If you are one of the physicians who thought you could sit back and watch the Meaningful Use train pass by—think again. It’s back. And this time, there is a carrot and a stick.
MACRA rebranded MU as Advancing Care Information (ACI) under the new Merit-Based Incentive Payment System (MIPS). MIPS also includes measures for Quality, Improvement Activities and Cost. That means data security is about to become a lot more meaningful to the physicians and other clinicians who sat out the MU program but entering MIPS, since they must attest that they “conduct or review a security risk analysis” in accordance with the HIPAA Security Rule. (See definition, below.)
There is a lot at stake here. Starting with the 2019 payment year, ACI will make up 25% of the Merit-based Incentive Payment System (MIPS) composite performance score. The security risk analysis is one of five components that make up the base score of 50 points.
Without completion of each of these components, eligible clinicians will receive an ACI score of zero—seriously hurting their chances of achieving an incentive payment, or potentially incurring a penalty.
There is also the possibility that CMS will come back after the fact to conduct post-submission audits and ding providers for not conducting an adequate risk analysis, as it did with the MU program.
Getting this right means not just paying lip-service to the risk analysis. Sound security risk analysis requires an assessment of the organization’s entire operating environment, as well as security policies and procedures. A cursory review of the definition could lead one to believe that it is all about the electronic health record system and encryption of data. But in fact, all electronic protected health information created, received, maintained or transmitted by a provider is subject to the HIPAA Security Rule. This data can exist on the clinic’s network, doctors’ laptops or even on mobile devices.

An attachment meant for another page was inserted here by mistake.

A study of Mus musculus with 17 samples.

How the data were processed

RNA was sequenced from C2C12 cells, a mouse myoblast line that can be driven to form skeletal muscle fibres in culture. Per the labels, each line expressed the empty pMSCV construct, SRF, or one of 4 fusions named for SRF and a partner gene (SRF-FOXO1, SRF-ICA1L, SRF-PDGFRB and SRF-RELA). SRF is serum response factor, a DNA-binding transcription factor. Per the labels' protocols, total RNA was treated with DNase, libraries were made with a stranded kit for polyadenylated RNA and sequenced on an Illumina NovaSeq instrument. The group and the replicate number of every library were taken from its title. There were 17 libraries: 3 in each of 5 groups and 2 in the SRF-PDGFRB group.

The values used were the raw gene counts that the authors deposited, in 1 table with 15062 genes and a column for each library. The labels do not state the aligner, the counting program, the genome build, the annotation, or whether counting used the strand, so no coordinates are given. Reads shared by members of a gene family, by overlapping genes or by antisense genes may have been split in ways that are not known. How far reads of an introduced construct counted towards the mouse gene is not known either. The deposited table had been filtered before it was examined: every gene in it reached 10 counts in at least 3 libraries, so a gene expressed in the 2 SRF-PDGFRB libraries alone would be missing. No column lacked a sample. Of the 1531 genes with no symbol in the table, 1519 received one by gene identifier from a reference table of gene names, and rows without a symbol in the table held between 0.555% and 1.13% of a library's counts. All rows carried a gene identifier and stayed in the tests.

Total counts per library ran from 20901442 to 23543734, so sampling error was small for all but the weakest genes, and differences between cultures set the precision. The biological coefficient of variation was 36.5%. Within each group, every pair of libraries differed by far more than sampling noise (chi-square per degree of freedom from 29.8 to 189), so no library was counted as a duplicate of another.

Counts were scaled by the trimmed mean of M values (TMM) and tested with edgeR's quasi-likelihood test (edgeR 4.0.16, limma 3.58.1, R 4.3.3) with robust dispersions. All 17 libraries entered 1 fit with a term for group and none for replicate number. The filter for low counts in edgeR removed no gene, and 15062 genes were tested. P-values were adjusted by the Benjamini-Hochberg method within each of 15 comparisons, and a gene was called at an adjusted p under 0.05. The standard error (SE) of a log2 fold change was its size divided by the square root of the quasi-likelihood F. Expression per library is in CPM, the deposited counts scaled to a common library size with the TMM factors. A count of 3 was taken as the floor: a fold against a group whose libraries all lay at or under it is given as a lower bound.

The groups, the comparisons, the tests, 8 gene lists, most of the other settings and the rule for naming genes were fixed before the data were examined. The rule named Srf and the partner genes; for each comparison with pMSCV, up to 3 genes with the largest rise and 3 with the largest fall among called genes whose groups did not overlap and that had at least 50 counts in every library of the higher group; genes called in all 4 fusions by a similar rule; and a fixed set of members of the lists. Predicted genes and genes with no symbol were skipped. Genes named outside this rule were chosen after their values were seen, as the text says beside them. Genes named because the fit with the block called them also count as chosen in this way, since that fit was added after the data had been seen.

This analysis cannot be offloaded to the EHR vendor. This is one of CMS’ Top 10 Myths of Security Risk Analysis. MIPS puts the responsibility squarely on the clinician to ensure that a proper security risk analysis has been conducted.
This begs the question: How do physicians and other clinicians attesting to a third party for the first time make sure their organizations are performing a proper security risk analysis?
CMS has provided a Security Risk Assessment Tool that can provide some guidance. However, in physician practices that lack a deep IT bench, answering many of the technical questions might be a struggle.
An effective security risk analysis for a smaller physician practice requires both an understanding of the regulations and the ability to scale the requirements depending on the size and complexity of the organization.
As you and your practice are making your plan for MACRA success, take time now to assess your security risks. Do you have written security and privacy policies? Has the practice conducted a security assessment, and does it cover the whole operating environment—or just the EHR?
Finally, consider whether your internal IT team has the knowledge and capacity to perform the required security risk analysis. If your IT bench is small, then consider your priorities? In some cases, the need to optimize IT systems to meet requirements of the quality performance category (which comprises 60% of the MIPS score in 2019) take precedence.
Rather than divert internal IT resources, consider a qualified independent firm that can either conduct a thorough security risk analysis or review an existing assessment.